Audlem Lock 3 to River Tem Aqueduct
As ever on a Saturday we were on the hunt for a newspaper. With just over a mile to walk or cycle back to Audlem you would have thought that would have been where we headed to. But it was raining when we woke and due to continue for a couple of hours (Frank wouldn’t have been put off!). So we decided to sit out the rain and then continue onwards to reach Market Drayton where there had to be one copy of our paper left.
The towpath would change sides today, so we made use of it being on the easier side to empty the yellow water tank, once it had stopped raining. Then we pushed off and continued our climb. There are quite a few locks on the Main Shroppie, but they are grouped in flights, with the exception of Wheaton Aston lock and the stop lock at the end of the canal. We had two more to do of the Audlem flight to be able to tick them off.
The cottage by the top lock is having quite a bit of work done to it. We’d heard rumours of a large extension being built. At first glance it does look huge, but then you realise that the original lock cottage was single story and they have extended some of this upwards. It’s not going to be an architectural masterpiece, but the large first floor window will have great views down the flight. Due to all the building works the little cabin, normally full of cakes and goodies, was empty. No need to have spare change in your pocket today. Maybe there will be some treats put out for Easter?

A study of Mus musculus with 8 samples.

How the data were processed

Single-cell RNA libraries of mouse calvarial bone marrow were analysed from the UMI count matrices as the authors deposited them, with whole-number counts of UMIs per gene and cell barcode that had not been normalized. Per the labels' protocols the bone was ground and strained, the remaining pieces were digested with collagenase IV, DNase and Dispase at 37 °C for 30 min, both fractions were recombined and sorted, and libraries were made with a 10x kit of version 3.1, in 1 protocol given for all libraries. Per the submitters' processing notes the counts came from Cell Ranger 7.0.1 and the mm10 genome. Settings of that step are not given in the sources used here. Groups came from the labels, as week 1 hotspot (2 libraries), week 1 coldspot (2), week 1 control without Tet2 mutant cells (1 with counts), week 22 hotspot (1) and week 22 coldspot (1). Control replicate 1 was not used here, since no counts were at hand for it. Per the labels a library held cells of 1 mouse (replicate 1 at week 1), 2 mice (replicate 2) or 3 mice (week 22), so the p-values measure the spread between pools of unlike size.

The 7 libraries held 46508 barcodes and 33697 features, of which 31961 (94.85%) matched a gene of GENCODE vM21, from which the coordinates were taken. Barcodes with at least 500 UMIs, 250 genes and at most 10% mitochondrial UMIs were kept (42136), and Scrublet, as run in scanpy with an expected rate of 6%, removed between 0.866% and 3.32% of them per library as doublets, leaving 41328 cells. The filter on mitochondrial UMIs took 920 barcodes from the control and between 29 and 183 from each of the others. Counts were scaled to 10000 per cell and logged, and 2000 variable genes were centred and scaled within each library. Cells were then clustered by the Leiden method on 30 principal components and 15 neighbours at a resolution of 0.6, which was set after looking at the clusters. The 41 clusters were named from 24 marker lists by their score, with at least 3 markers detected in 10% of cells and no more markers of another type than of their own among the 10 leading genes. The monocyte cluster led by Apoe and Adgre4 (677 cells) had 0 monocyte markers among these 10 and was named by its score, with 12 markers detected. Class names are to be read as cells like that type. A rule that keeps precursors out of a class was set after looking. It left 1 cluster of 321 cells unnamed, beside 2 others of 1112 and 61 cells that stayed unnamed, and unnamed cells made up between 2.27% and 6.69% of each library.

After a gap of just over a mile we arrived at the bottom of the Adderley flight. These have older wooden, slightly rotting, bottom gates, these I can normally kick open, the metal ones are not so easy. My back feeling much better today I gave them a shove to open them up. Sadly my legs are not long enough and I’m not brave enough to hop back over the gap with one gate closed to close them again. So there was still a walk round to close the bottom gates.
There were a few walkers on the towpath, some of them helped as they went, bottom gates on empty locks miraculously opened before us, Thank you. Reaching the top didn’t take us long and then it was the three or so miles to Market Drayton. Mick paused in a bridge hole at one point as he had moved our starboard centre line to port (it’s the longer of the two) to make life easier, but now as the towpath was changing sides it would be better for it to return to starboard.
The first stretch of moorings at Market Drayton are noisy with a busy road. Then there are permanent moorings which you can moor opposite, but only overnight as you’d be in their way should they want to head off on a cruise. The short stretch that followed didn’t appeal either so we carried on past Betton Wharf and under the next bridge where there was plenty of space for us. Here Tilly would have trees and a playing field to amuse herself.
Mick patiently had lunch before he headed into town for our paper. Asda didn’t do well, so he had to venture further to WH Smiths and then Lidl for a few essentials. We’ll venture out tomorrow to stock the cupboards, we’re almost out of wine!
The remainder of the afternoon I popped a large pot of chilli on the stove to gently cook and set about checking a couple of knitting and crochet patterns for some friends in Scarborough. Animated Objects are enlisting local community groups to make them a mass of poppys for their ‘Stories Of Remembrance’ project which will be on display on Armistice Day. Before sending out the patterns they wanted to make sure that they weren’t written in gobbledygook, an extra pair of eyes is always useful.
This evening we have been treated to a very red sky. A couple of years ago we had a spectacular sunset near Norbury Junction, the Shroppie knows how to do sunsets.